UAE hotel boasts 'most expensive Christmas tree'

  • Published
A jewel-encrusted Christmas tree adorns the lobby of the Emirates Palace hotel in Abu Dhabi, the UAE
Image caption,
The tree is the latest in a series of publicity seeking efforts by the hotel

A glitzy hotel in Abu Dhabi has put on show a jewel-encrusted Christmas tree which it says is worth over $11m (£7m).

Items of jewellery studded with scores of precious stones are draped on the tree's branches, along with more traditional baubles and lights.

While the tree alone is worth a mere $10,000, the jewellery adds more than $11m to the value, said the hotel's general manager Hans Olbertz.

He admitted the idea for the tree was hatched by the hotel's marketing team.

The hotel has a tree every year, Mr Olbertz said.

But this year, "we said we have to do something different", AFP news agency quoted him as saying.

The vast majority of the population of the oil-rich UAE are Muslim.

But Mr Olbertz said he did not think the tree would offend local sensibilities.

"It's a very liberal country," he said, according to AFP.

'24/7 security'

The Emirates Palace hotel would ask the Guinness World Records to certify the tree as the world's most expensive, Mr Olbertz said.

Image caption,
Along with stars and lights, watches and bracelets adorn the tree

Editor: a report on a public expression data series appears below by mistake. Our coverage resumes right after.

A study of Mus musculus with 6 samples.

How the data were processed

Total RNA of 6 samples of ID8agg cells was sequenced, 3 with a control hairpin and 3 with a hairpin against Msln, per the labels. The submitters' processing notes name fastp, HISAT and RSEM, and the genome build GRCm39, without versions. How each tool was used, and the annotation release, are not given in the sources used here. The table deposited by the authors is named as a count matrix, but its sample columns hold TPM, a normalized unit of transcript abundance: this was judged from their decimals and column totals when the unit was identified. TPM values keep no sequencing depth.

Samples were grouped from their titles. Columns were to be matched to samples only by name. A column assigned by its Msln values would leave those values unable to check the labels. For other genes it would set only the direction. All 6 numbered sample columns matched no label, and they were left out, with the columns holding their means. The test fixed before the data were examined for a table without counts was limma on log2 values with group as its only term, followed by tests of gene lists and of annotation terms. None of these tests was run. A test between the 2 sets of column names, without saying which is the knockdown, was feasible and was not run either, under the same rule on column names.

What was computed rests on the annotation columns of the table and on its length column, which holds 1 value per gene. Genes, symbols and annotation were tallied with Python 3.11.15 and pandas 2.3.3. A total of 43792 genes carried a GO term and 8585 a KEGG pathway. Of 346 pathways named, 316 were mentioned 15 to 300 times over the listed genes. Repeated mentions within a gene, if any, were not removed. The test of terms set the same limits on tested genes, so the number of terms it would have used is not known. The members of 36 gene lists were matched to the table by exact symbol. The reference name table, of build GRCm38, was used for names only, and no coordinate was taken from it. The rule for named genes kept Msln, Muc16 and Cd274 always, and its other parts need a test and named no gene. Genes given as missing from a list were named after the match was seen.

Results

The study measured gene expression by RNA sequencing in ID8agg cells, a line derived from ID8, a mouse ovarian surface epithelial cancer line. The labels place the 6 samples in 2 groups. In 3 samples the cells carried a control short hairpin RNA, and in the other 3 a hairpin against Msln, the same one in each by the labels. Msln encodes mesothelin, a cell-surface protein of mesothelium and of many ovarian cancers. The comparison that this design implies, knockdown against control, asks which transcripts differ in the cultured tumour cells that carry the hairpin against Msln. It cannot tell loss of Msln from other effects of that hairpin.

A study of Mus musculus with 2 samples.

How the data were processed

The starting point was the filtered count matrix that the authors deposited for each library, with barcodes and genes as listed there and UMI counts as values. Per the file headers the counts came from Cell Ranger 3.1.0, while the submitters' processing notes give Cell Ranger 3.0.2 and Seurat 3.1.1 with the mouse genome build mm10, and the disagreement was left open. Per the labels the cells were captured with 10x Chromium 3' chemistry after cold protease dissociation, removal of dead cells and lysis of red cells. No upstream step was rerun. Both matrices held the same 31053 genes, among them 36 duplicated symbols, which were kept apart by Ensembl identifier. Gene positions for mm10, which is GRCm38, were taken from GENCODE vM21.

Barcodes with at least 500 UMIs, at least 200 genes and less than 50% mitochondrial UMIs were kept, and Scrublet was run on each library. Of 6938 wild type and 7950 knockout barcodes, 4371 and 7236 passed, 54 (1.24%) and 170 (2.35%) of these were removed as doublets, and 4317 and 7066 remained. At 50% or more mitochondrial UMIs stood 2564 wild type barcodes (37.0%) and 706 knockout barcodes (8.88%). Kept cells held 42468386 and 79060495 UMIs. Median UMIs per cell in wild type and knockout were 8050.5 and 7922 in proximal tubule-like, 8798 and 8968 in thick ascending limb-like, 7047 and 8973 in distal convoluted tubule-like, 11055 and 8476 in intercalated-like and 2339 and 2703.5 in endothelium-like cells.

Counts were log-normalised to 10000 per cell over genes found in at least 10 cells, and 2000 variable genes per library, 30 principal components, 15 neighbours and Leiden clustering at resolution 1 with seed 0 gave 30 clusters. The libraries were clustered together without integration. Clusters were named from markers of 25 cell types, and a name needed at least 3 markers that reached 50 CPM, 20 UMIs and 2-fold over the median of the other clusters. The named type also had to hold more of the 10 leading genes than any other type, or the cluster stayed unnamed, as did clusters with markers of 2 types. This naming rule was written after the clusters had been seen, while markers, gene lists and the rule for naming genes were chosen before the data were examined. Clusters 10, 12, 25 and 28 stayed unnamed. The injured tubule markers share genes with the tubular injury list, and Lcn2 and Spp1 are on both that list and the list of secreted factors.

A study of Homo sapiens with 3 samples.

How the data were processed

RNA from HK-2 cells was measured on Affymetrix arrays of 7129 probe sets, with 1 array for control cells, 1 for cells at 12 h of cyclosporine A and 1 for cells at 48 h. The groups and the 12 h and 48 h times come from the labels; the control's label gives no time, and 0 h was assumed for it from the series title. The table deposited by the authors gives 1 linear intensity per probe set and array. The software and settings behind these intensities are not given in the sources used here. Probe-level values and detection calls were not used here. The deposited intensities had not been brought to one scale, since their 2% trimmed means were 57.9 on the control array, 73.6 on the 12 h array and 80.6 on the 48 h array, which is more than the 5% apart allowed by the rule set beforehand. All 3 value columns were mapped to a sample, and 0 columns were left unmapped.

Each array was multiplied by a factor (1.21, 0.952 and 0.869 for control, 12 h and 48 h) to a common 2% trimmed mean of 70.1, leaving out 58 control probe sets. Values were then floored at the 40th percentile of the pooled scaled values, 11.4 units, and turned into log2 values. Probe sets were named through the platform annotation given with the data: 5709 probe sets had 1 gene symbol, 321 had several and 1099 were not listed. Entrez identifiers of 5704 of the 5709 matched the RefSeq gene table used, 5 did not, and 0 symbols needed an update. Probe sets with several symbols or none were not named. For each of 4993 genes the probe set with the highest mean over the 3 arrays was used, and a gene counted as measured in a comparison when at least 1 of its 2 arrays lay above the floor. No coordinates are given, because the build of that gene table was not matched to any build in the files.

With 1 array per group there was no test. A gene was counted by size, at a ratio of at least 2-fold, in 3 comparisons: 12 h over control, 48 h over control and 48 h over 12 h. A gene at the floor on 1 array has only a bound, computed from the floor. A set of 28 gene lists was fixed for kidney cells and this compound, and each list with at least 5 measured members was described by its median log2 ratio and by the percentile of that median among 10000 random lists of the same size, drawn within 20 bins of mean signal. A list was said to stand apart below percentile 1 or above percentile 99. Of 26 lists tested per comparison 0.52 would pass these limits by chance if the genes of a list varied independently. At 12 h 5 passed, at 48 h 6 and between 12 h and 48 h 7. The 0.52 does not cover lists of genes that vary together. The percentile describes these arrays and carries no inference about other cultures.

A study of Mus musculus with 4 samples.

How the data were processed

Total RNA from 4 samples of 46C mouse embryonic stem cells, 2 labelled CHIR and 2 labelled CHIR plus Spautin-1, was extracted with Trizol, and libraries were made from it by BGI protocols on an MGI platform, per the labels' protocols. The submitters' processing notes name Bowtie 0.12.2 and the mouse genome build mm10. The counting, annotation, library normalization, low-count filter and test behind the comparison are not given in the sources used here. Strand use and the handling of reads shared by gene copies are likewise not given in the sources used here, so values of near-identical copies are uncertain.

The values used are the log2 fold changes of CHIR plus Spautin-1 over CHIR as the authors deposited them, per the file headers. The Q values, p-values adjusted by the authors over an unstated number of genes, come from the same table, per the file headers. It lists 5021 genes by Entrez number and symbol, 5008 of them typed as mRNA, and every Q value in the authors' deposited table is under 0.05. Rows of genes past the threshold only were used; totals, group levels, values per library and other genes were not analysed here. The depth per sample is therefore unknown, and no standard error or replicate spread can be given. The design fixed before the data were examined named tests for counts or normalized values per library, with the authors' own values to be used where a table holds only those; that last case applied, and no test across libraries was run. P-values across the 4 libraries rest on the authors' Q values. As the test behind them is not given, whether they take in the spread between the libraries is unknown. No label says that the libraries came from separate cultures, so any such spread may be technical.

The bracelets, necklaces and watches which adorn the 13m (43-foot) tree contain 181 diamonds, pearls, emeralds, sapphires and other precious stones.

The tree sits in the sumptuous lobby of the 302-room hotel, which is reportedly decorated with gold leaf.

Asked what security measures were in place to prevent theft of jewellery from the tree, assistant director of marketing Hazem Harfoush said the tree was "good proof that Abu Dhabi is a safe destination".

And the hotel was even safer, Mr Harfoush told the BBC.

"We have 24/7 security, four security guards closely monitoring the space plus security cameras."

Previous publicity-seeking efforts by the hotel include the creation of a $1m Valentine's Day package and the installation of what was said to be the world's first gold vending machine.

Asked whether the tree had brought fresh media attention, Mr Harfoush said it had.

"We've had non-stop interest," he said.